The William B. May Company reports the following early '93 retail leasing transactions: *700 square feet taken by the Ashione Art Gallery, at 269 West 4th Street, for a term of eight years with an initial annual rent of $31,200, and increases aggregating the total rent to $358,583. Landlord and tenant were represented by Larry Loftredo of the William B. May Company. *500 square feet taken by International Coffee Shop, at 131 Christopher Street, in the basement of an early Federal townhouse, for a term of 10 years, with an initial annual rent of $21,600, and increases aggregating the total rent to $250,180. Landlord and Tenant were represented by Larry Loftredo of the William B. May Company.

* 700 SF taken by Sensible Edibles, a wholesale and retail bakery, at 143 Perry Street, for a term of 10 years with an initial annual rent of $21,600, and increases aggregating the total rent to $250,180. The Tenant was represented by Larry Loftredo of the William B. May Company, and the landlord was represented by Village Dwellings.

* 500 square feet taken by Men's Bath Shoppe, a menswear retailer, at 131 Christopher Street, for a term of five years with an initial annual rent of $21,600, and increases aggregating the total rent to $121,813. Landlord and tenant were represented by Larry Loftredo of the William B. May Company.

* 800 square feet taken by Sculpture & Oddities, an architectural designer and decorator, at 47 Greenwich Avenue, for a term of three years, with an initial annual rent of $31,200, and increases aggregating the total rent to $100,613. Landlord and tenant were represented by Larry Loftredo of the William B. May Company.

* 400 square feet taken by Precious Stones, a jewelry retailer and wholesaler, at 301 West 11th Street, for a term of five years with an initial annual rent of $15,600, and increases aggregating the total rent to $87,939. Landlord and tenant were represented by Larry Loftredo of the William B. May Company.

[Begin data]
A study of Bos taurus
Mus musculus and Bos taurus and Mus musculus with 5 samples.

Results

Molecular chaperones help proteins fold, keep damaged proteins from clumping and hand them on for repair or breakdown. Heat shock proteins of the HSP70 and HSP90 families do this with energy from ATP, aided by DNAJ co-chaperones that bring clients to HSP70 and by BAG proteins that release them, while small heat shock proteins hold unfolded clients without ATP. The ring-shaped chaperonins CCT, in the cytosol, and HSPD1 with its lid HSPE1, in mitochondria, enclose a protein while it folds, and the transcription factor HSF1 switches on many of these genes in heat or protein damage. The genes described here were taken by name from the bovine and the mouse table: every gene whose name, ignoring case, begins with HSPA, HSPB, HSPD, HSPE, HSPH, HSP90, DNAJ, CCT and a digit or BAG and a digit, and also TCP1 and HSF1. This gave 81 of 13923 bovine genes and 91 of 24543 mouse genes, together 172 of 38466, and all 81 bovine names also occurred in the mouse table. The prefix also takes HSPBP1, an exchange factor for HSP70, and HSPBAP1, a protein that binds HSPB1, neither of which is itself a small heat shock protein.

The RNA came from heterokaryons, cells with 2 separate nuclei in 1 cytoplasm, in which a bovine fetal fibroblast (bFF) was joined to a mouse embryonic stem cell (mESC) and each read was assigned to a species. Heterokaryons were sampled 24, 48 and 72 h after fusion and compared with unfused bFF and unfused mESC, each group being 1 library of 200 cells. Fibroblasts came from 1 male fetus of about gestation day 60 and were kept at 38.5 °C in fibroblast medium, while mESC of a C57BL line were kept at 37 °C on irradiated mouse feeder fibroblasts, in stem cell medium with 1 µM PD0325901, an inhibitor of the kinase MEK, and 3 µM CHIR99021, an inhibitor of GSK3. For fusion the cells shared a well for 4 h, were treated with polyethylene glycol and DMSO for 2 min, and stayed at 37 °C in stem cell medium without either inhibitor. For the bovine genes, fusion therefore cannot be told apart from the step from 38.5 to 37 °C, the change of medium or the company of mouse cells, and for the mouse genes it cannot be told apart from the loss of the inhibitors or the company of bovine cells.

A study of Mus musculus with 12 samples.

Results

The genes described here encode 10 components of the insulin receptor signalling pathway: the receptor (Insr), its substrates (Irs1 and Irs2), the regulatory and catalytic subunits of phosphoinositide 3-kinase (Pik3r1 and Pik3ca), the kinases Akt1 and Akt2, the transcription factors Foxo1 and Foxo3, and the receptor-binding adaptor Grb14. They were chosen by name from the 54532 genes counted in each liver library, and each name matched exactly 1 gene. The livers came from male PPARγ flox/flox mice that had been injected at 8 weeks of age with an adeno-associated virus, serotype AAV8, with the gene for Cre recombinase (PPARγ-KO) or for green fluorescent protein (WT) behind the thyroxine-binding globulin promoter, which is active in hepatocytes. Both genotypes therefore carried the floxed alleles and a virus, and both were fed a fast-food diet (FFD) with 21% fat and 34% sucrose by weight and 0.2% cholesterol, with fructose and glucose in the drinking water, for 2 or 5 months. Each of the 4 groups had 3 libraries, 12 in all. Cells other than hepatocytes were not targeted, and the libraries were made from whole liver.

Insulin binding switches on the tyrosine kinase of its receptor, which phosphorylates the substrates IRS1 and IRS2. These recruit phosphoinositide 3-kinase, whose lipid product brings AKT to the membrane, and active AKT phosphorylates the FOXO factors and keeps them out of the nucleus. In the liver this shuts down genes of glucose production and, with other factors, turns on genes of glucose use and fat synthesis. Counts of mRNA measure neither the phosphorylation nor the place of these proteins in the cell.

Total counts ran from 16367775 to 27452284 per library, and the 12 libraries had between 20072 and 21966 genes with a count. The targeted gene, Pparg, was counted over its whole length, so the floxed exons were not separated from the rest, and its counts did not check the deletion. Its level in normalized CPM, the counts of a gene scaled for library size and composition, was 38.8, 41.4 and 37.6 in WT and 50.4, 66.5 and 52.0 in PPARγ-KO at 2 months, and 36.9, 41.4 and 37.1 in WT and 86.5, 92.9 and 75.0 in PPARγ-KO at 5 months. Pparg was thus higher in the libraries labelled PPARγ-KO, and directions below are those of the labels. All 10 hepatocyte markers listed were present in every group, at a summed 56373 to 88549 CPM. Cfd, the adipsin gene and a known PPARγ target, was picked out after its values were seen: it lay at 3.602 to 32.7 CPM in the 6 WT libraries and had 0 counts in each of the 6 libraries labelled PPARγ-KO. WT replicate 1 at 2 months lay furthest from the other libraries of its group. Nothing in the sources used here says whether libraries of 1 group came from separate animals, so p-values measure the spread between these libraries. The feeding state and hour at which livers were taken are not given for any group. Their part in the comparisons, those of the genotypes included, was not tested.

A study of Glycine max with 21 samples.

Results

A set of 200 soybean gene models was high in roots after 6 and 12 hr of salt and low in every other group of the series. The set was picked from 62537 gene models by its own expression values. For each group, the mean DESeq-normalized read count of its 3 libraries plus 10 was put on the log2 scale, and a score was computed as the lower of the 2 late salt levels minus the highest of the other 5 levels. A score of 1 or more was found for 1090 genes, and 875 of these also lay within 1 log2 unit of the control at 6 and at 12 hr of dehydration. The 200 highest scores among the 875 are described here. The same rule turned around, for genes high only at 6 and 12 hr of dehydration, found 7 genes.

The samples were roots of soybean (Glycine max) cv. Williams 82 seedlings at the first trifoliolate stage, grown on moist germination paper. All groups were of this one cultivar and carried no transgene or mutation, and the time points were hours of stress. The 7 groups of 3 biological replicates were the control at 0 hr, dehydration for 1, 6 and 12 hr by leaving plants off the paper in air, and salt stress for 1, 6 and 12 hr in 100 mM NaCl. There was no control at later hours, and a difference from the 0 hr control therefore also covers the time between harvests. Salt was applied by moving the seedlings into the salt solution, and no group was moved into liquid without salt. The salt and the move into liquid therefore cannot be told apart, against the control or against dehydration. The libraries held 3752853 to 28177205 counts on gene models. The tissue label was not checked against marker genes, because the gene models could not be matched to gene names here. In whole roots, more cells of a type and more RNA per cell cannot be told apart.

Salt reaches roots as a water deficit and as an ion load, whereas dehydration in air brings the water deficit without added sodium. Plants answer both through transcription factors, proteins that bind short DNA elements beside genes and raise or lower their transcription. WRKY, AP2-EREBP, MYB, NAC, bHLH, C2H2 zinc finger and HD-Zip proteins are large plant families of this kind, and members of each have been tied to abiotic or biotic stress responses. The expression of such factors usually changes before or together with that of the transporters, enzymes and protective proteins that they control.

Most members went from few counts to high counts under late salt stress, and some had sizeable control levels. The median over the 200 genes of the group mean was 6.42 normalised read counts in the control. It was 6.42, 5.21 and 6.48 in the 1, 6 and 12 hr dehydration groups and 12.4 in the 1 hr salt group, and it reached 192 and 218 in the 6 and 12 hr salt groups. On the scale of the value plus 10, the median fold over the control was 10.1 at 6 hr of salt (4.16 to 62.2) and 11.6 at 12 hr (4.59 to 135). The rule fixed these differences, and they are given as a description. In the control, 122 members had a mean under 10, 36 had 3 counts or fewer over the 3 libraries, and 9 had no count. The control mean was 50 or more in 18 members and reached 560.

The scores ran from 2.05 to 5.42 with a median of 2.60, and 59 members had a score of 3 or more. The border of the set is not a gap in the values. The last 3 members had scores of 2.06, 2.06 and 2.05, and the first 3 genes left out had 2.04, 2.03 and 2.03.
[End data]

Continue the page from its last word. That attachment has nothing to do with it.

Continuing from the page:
Recently, however, a new food purveyor has entered the picture, bringing a heightened attention to healthfulness and price in its menu seleaion, and an acute awareness of appearance in its exterior and interior design.

This combination has proven attractive for an immense spectrum of clients, satisfying both the salaried office worker with a limited budget, and the well-compensated executive with limited time.

And for the building owner, the limited menu equals limited cooking, less elaborate cooking facilities, less grease, fewer exhaust problems.

As a result, even the most conservative landlords are now showcasing restaurants within their buildings. Indeed, some are even seeking this newly popular tenant to enhance their buildings' marketing appeal.

LaSalle Partners, Rockefeller Center, Equitable and other prestigious owners are among those whose buildings now include restaurants such as Dean & DeLuca, Au Bon Pain, Timothy's, Piatti Pronti, and Burke & Burke.

In light of the benefits to owner, restauranteur and tenant, this new pairing of food retailer and commercial office building is likely to become pervasive in major commercial districts throughout the city.
Publication:Real Estate Weekly
Date:Mar 24, 1993
Words:513
Previous Article:Retail food tenants gain new respect.